Albany Ambitions

Andrew Cuomo still wants to be governor. But there's work to do first.
by | April 2007

Andrew Cuomo has spent his career seeking to step into big shoes. The former HUD secretary has long wanted to avenge his father's 1994 defeat after three terms as New York governor, but the younger Cuomo ran a disastrous campaign for the office in 2002. He won the job of state attorney general last year, but in following Eliot Spitzer, his notably controversial predecessor, Cuomo again finds himself faced with the task of proving that he can make his own mark.

Spitzer's activism as attorney general, particularly his crusades against Wall Street corruption, won him both friends and enemies, but propelled him to the governor's office. In order to make a similar name for himself as AG, Cuomo will have to come up with his own set of dragons to slay.

He hasn't wasted any time in looking for them. New York's attorney general has the job of signing off on earmarks--the local pork-barrel projects known euphemistically as "member items" in the legislature. Most AGs have simply rubber-stamped the items, but Cuomo has embraced the task as an opportunity to bring new scrutiny to the question of how public money gets spent. Toward that end, he also has pledged to lend staff to the Albany County district attorney to investigate corruption cases.

This appears to be a nice fit all around. The DA has jurisdiction in such cases, but the AG's office has the resources to push the investigation. And legislative corruption issues, while they open up a front different from Spitzer's Wall Street focus, dovetail nicely with the new governor's current calls for state government "reform."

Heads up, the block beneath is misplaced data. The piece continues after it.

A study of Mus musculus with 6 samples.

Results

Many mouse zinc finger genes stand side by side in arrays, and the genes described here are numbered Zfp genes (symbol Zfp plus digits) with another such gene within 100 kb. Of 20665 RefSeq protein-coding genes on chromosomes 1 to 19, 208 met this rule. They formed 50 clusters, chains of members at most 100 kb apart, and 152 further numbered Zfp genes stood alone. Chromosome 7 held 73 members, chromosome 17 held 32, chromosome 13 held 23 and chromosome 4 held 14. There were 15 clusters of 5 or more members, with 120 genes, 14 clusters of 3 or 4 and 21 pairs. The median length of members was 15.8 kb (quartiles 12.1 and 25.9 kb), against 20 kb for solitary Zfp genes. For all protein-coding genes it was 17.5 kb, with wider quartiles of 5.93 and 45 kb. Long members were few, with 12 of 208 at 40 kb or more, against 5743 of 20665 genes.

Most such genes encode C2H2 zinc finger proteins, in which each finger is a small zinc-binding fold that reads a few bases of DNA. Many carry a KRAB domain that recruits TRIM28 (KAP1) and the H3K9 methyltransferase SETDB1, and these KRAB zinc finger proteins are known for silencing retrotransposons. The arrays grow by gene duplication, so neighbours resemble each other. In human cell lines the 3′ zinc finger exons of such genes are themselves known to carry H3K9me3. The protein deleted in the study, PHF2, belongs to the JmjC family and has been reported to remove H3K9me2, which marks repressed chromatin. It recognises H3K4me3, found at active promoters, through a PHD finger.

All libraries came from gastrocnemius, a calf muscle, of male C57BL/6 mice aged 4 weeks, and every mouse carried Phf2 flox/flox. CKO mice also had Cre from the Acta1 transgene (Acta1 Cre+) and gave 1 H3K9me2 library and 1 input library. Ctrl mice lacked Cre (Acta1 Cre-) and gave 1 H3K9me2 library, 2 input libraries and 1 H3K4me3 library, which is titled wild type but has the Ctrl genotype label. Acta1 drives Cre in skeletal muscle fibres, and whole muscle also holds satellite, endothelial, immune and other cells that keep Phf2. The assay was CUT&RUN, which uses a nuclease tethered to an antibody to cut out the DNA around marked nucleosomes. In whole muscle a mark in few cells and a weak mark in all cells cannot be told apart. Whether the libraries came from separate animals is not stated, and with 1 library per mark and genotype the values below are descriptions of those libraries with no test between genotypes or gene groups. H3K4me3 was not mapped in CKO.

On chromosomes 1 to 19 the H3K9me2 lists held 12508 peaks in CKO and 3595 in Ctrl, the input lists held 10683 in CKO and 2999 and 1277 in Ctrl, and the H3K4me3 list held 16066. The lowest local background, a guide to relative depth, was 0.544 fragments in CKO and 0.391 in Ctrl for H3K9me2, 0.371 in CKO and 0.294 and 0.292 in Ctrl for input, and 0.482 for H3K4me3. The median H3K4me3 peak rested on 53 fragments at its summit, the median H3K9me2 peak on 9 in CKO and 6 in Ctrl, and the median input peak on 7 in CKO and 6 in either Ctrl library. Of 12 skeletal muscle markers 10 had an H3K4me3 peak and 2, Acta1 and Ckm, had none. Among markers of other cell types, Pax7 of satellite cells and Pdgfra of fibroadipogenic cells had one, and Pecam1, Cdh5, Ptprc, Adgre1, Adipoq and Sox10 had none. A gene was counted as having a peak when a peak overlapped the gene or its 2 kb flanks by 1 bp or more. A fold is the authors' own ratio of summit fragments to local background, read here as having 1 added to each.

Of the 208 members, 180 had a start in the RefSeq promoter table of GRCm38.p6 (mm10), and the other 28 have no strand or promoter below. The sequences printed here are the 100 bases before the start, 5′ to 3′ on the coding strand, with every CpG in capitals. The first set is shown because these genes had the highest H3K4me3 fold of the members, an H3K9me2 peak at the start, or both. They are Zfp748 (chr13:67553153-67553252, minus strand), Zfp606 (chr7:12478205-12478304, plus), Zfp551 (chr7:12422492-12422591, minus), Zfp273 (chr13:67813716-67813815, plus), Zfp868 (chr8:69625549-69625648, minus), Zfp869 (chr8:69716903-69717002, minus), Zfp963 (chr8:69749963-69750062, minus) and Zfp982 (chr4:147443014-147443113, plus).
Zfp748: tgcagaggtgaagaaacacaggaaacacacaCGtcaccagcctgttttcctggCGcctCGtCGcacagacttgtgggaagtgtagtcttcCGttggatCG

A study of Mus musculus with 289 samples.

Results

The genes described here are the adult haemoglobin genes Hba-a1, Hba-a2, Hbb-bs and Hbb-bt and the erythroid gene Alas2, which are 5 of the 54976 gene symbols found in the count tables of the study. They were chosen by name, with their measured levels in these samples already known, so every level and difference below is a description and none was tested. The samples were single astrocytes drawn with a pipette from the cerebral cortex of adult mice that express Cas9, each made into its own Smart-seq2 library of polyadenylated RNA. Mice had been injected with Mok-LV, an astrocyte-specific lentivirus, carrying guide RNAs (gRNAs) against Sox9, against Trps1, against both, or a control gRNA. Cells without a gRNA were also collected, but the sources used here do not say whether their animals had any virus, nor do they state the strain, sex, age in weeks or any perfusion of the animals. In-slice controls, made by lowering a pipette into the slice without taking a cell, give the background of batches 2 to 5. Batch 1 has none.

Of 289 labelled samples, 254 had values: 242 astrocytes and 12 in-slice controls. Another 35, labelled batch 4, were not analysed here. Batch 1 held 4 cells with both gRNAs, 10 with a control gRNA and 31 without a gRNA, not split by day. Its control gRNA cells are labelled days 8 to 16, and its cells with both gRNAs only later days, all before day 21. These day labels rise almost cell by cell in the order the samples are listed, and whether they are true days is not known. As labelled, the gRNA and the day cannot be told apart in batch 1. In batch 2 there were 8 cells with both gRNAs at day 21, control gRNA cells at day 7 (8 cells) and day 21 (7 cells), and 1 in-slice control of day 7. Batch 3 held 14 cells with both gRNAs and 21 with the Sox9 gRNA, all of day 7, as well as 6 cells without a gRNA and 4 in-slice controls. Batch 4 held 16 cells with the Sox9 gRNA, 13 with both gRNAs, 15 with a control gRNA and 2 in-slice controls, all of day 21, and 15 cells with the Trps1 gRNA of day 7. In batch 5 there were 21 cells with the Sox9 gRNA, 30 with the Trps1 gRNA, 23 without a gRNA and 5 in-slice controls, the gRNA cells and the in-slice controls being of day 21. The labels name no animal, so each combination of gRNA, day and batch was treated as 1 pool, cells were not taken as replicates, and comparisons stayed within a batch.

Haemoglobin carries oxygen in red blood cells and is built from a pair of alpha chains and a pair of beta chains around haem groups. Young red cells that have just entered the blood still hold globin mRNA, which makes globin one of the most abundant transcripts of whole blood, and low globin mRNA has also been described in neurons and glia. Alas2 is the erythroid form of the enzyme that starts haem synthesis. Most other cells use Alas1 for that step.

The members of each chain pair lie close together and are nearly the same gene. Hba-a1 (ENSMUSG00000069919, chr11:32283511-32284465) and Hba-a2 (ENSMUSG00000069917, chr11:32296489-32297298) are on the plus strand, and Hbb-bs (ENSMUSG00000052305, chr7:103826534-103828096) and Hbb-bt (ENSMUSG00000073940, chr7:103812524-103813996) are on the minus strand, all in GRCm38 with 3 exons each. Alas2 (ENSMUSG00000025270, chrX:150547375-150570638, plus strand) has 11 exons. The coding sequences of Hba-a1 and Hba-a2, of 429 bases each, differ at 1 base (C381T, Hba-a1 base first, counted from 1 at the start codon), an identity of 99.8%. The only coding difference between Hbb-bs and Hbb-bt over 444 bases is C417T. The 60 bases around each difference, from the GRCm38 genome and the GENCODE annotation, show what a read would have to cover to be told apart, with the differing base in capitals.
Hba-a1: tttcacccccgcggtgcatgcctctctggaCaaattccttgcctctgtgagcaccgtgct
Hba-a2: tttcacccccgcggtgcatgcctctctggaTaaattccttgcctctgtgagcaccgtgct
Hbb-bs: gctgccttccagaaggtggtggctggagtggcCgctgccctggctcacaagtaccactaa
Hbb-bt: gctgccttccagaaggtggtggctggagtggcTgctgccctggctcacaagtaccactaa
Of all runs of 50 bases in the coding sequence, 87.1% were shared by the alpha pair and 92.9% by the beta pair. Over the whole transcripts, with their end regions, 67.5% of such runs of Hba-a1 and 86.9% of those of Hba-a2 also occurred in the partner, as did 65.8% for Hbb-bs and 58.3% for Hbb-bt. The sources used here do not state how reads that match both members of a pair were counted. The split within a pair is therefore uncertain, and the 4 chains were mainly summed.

Cuomo is borrowing or adapting other familiar Spitzer strategies, such as latching on to little-used laws as prosecutorial weapons. He's taking advantage of a federal law regulating "vapor intrusion" to sue oil companies in hopes of forcing them to clean up a decades-old spill along a waterway between Brooklyn and Queens. Also in the Spitzer tradition, he isn't overly concerned about staying within New York borders: Cuomo is investigating the activities of college lenders who do business in New York--and just about everywhere else in the country as well.

Given all this activity, it's clear that the new attorney general thinks he can leave his own stamp on the job--even with his predecessor watching closely, not too far away. He may find that, for all the complexities of New York politics, trying to be the next Eliot Spitzer might be a better springboard to power than trying to be the next Mario Cuomo.